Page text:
Silhouette finding using specialized graphics hardware like OpenGL is simple to implement and not as dependent on ``clean'' models. However it is less flexible and does not allow the user to change line weight. The software methods we discussed are more complex and depend on ``clean'' models which must have shared vertices, otherwise internal boundaries can not be checked for silhouettes. However the software methods provide more flexibility and, potentially, better performance.
Table 1 presents the information of two extreme cases. These cases are based on orthographic views. Under perspective projection some form of bounding volume hierarchy would have to be employed  to increase the efficiency. Both the simplified and the finely tessellated versions of the crank shaft model have many sharp features, while the sphere has very small dihedral angles.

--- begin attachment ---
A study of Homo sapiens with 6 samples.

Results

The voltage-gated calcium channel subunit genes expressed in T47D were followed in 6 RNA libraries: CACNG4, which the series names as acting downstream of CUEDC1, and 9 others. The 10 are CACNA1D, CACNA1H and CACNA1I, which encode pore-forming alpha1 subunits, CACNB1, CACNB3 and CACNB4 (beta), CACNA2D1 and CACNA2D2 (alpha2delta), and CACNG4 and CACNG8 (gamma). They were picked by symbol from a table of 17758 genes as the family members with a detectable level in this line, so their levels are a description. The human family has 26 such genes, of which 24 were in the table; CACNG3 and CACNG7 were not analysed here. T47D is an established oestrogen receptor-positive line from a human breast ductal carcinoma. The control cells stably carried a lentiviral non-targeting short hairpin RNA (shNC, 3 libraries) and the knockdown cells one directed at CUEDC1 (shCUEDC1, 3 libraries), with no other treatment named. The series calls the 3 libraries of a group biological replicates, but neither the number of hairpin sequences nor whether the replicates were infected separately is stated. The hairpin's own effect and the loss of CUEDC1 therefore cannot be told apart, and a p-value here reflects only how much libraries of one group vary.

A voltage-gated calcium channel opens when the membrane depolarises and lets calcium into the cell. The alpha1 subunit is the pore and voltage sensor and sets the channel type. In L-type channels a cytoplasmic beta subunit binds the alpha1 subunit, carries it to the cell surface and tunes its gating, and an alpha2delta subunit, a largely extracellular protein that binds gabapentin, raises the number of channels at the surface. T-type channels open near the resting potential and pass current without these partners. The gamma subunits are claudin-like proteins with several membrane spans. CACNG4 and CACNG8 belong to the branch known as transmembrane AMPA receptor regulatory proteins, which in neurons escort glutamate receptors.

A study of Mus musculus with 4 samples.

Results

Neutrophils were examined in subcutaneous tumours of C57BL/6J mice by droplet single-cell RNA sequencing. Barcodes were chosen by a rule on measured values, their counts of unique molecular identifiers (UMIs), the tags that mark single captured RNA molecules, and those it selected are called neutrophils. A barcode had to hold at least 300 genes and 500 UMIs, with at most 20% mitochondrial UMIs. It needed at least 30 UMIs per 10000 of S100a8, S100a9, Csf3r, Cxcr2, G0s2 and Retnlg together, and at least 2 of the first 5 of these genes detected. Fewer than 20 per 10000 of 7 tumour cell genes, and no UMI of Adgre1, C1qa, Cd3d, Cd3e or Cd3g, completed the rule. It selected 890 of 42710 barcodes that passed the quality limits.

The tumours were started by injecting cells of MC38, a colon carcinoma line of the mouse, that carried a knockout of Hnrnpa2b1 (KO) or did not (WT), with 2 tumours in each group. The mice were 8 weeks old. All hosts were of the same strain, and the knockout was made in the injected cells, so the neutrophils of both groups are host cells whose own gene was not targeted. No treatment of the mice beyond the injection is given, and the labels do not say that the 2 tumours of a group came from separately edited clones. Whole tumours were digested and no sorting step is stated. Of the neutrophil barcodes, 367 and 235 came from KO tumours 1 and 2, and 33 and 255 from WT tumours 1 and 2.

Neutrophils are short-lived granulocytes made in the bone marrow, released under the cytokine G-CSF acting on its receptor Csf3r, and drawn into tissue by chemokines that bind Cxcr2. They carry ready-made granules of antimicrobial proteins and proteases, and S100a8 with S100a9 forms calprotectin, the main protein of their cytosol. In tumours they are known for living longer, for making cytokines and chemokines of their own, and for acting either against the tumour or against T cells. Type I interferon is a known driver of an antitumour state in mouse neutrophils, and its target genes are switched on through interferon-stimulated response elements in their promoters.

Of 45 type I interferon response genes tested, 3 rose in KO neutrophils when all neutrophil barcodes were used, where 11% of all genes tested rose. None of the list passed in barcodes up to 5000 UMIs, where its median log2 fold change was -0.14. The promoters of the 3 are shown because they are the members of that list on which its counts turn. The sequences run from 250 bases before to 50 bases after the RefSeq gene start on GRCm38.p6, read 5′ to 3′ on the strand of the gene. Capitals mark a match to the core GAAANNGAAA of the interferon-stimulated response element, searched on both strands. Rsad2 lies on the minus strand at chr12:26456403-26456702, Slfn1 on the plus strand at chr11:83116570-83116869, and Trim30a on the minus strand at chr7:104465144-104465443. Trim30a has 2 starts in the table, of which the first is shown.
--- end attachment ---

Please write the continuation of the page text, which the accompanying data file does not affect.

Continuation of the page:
The current implementation of the hierarchy method uses an icosahedron with four levels of subdivision which generates 1280 faces. On the sphere this method is extremely efficient. When using overlapping bins, all of the edges are stored in the leaf nodes. When using non-overlapping bins only 84% of the edges are in the leaf nodes and 2132 are on level zero. Table 2 shows the number of edges stored at every level of the hierarchy for non-overlapping and overlapping hierarchies. The overlapping method did a much better job, even on the simplified crank model.
Parallelizing the silhouette extraction with the rest of the rendering can cause the extraction time to be negligible. A separate thread can extract silhouettes while the polygons are being rendered to shade the model or initialize the Z buffer. This parallelization takes only three-thousands of a second for the sphere and five one-hundredths on the large crank shaft model. If you are using software visibility algorithms this technique would probably prove to be more effective.